Since I’ve resolved to get my diet back on track, I thought I’d revisit one of the most effective pieces of diet advice I’d gotten. In 2018, I read the book The Virgin Diet by J.J. Virgin, which was recommended by Vishen Lakhiani, founder of Mindvalley. I kinda cringed at the name and the book cover, but I’m so glad that I read it.
For the first time, I found out that foods we might think of as “healthy” might not necessarily be, depending on how your body reacts to them. This is because food is information and it will send signals to the various hormones in your body. If your body reacts negatively, it can result in you gaining weight and not being able to shed it.
The worst culprit is inflammation. This is your body’s immune response when you eat foods that you’re sensitive towards. I dunno bout you, but this makes me visualise my digestive system going up in flames. Not good. 😱
If this happens on an ongoing basis, your body can become resistant to various “chemical messengers” (i.e. hormones that send information throughout your body) like the following:
👉 Cortisol – the stress hormone. Inflammation keeps your body from “hearing” cortisol so you get stressed out. High levels of stress make you store fat around your waist and cause you to crave carbs.
👉 Insulin – responsible for moving sugar out of your bloodstream and into your cells for storage, so a stable level of blood sugar can be maintained. When your digestive system is up in flames, there’s too much insulin pumping out, leading to that extra blood sugar getting stored as fat.
👉 Leptin – controls how hungry or full you feel. If you’re experiencing inflammation, that “holy crap I’m so full” message ain’t gonna get passed to your brain. So you eat way more than you need and store more fat.
Essentially, the choice of food you eat can lead to your gut going up in flames and causing symptoms like bloating, headaches and brain fog. The worst thing is, it’ll stall all weight loss efforts. See a list of potential symptoms below.
How do we prevent this?
The Virgin chick recommends cutting out the top 7 foods that can lead to inflammation:
- Sugar and Artificial Sweeteners
How it works: Cut them all out completely for 21 days, then slowly start to reintroduce them into your diet one at a time. This way, you can see which ones are giving you bad symptoms.
Oh, the symptoms will be VERY severe so you’ll definitely know what foods you react to. I remember having an acai bowl (full of sugar and gluten, of course) during one of the breaks in a law lecture because my classmate was raving about it. I basically couldn’t keep my eyes open in class and experienced severe brain fog. This was way more than an after-lunch slump, it was almost like a knock-out drug. NOT GOOD.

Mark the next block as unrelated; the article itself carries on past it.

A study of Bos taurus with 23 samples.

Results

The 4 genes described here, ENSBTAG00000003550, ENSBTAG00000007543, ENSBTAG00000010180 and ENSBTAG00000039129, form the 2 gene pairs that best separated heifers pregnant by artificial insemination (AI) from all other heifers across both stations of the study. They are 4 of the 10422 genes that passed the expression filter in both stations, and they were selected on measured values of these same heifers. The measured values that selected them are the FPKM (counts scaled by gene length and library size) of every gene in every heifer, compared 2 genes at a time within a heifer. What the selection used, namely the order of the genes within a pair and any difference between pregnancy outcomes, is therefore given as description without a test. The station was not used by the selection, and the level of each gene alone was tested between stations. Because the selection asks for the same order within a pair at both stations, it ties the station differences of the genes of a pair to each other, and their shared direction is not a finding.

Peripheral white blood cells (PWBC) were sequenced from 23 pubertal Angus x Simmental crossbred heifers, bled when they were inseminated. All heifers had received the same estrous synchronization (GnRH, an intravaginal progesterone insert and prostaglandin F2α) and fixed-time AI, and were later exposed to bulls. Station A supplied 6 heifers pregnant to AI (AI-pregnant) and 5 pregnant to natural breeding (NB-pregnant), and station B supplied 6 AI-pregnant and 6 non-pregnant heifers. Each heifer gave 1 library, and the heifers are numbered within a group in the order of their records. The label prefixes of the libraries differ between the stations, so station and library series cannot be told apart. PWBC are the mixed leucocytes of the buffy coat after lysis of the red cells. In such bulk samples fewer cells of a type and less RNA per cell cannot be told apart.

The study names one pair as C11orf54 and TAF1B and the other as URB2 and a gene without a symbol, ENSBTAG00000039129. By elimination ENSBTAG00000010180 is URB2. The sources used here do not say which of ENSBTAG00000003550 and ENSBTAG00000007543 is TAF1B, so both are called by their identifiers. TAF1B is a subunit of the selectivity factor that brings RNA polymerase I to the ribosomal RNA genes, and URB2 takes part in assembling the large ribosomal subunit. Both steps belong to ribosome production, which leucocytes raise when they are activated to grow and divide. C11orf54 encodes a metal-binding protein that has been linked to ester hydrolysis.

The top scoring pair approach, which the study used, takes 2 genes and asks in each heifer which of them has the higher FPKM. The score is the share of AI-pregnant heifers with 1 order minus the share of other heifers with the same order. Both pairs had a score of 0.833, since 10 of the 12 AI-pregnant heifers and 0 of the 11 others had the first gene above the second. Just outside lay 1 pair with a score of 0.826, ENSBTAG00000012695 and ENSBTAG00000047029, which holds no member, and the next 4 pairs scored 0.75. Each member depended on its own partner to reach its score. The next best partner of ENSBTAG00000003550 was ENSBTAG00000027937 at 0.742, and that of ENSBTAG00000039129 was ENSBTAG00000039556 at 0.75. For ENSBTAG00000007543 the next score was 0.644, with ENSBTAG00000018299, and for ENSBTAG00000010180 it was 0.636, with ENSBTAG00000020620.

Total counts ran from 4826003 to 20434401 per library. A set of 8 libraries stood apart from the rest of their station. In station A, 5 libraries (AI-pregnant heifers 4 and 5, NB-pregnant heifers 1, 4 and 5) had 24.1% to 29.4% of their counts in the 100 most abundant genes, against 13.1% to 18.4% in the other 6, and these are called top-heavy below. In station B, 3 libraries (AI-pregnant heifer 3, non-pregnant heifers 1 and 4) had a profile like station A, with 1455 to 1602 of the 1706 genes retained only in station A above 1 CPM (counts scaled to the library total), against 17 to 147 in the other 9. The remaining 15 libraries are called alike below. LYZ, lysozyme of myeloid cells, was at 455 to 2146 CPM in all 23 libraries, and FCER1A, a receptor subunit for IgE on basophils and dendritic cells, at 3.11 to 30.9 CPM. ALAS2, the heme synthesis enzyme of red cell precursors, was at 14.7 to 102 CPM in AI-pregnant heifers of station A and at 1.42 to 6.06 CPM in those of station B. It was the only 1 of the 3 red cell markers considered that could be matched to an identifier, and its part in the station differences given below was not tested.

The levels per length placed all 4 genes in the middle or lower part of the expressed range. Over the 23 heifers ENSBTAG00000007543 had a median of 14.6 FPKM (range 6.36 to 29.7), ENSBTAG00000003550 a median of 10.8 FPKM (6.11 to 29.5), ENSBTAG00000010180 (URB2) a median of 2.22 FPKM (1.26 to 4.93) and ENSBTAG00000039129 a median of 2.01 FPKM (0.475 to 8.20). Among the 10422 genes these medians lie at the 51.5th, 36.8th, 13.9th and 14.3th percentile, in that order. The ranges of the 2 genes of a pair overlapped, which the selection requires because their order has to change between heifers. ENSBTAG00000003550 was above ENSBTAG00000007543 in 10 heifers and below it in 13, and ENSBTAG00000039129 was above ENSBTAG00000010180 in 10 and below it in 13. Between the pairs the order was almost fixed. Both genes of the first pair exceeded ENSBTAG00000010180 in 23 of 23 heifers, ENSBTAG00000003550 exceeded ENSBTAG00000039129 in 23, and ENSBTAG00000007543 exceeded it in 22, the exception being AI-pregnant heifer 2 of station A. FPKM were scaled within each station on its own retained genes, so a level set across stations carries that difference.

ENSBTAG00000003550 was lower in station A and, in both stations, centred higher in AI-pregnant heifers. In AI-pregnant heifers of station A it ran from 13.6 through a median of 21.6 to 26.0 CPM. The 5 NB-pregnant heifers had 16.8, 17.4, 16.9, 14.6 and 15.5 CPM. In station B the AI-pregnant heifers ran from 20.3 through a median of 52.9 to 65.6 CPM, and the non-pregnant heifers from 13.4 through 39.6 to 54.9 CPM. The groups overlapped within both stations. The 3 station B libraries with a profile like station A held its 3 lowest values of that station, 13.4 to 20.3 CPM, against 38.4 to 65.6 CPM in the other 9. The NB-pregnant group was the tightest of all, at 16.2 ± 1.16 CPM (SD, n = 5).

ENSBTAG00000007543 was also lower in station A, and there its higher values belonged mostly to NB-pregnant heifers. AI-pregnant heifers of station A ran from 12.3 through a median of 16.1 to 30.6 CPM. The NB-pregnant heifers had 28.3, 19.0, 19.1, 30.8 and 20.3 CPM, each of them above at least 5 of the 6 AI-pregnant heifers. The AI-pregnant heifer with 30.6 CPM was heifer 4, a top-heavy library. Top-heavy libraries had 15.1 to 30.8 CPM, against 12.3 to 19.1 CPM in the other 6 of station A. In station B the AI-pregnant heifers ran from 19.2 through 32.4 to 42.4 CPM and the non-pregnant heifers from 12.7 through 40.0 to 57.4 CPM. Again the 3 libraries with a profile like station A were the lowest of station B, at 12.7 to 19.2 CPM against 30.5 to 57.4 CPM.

In the first week after the 21-day cleanse, reintroduce gluten on Monday – Thursday, then cut it out again for Friday – Sunday and track any symptoms you experience. Then, do the same thing for the next 3 weeks for soy, eggs and dairy. Be sure to only reintroduce one at a time so that you can really isolate the food and its effect on your body (i.e. don’t do both gluten and soy in week 2, keep the gluten out!!).
What happened when I did it?
Unfortunately for me, I think I react to just about everything. Gluten makes me bloated and gassy, soy and sugary stuff cause a huge energy dip and make me feel sluggish, and dairy causes breakouts of acne on my face. I’m not 100% sure about eggs but they might also contribute to acne. Apparently, if you give your gut 3-6 months to heal, you might not react to those foods anymore.
Trying out this diet was probably the biggest factor in bringing down my body fat percentage. Furthermore, it gave me sustained energy throughout the day – no more after-lunch slumps! However, I didn’t manage to sustain it in the long run. I’ve kept dairy out for good but went back to eating things like bread, pasta and oh my goodness, soy sauce (can’t eat sushi and sashimi without it!). That’s probably why despite maintaining my exercise routine, my body fat percentage shot up again.
I think it’s up to you to decide whether you make an effort to keep the foods out long-term or just try to avoid them as much as possible. Of course, moderation won’t work as well as saying goodbye to them completely, but sometimes it’s not realistic. If you’re struggling with weight loss, or constantly experiencing bad symptoms, I would recommend that you at least try the process out (it’s only about 2 months worth of experimentation) so that you find out what foods you may be sensitive to and you can be more mindful in keeping them out of your diet.
If you’re thinking, “how the heck am I going to cut all 7 of those foods out of my diet?!” – trust me, you can find a way. Personally, I really enjoyed the mix of plant-based protein powder and gluten-free oats topped with berries for breakfast. For lunch and dinner, I had quinoa or brown rice with plenty of vegetables and fish, chicken or turkey.
It might be a pain if you go out to eat and the menu doesn’t have anything suitable (especially here in Singapore) but if you’re committed to it, you’ll make it work for 21 days. It could be as simple as studying the menu beforehand or eating something prior to going out and just having a drink or something.
I’m slowly becoming more conscious and intentional about what I eat so that I avoid things that I’m sensitive towards. I’m not sure if I’ll be able to do the 100% cleanse again, but I’d love to work up to it so that I can reduce any inflammation in my body.
The book goes into way more detail about the mechanics and recommended foods, so if you’re serious about doing this I would recommend that you get the book. Of course, I’m not a nutritionist or health professional, but I can help to answer any questions you may have about the process.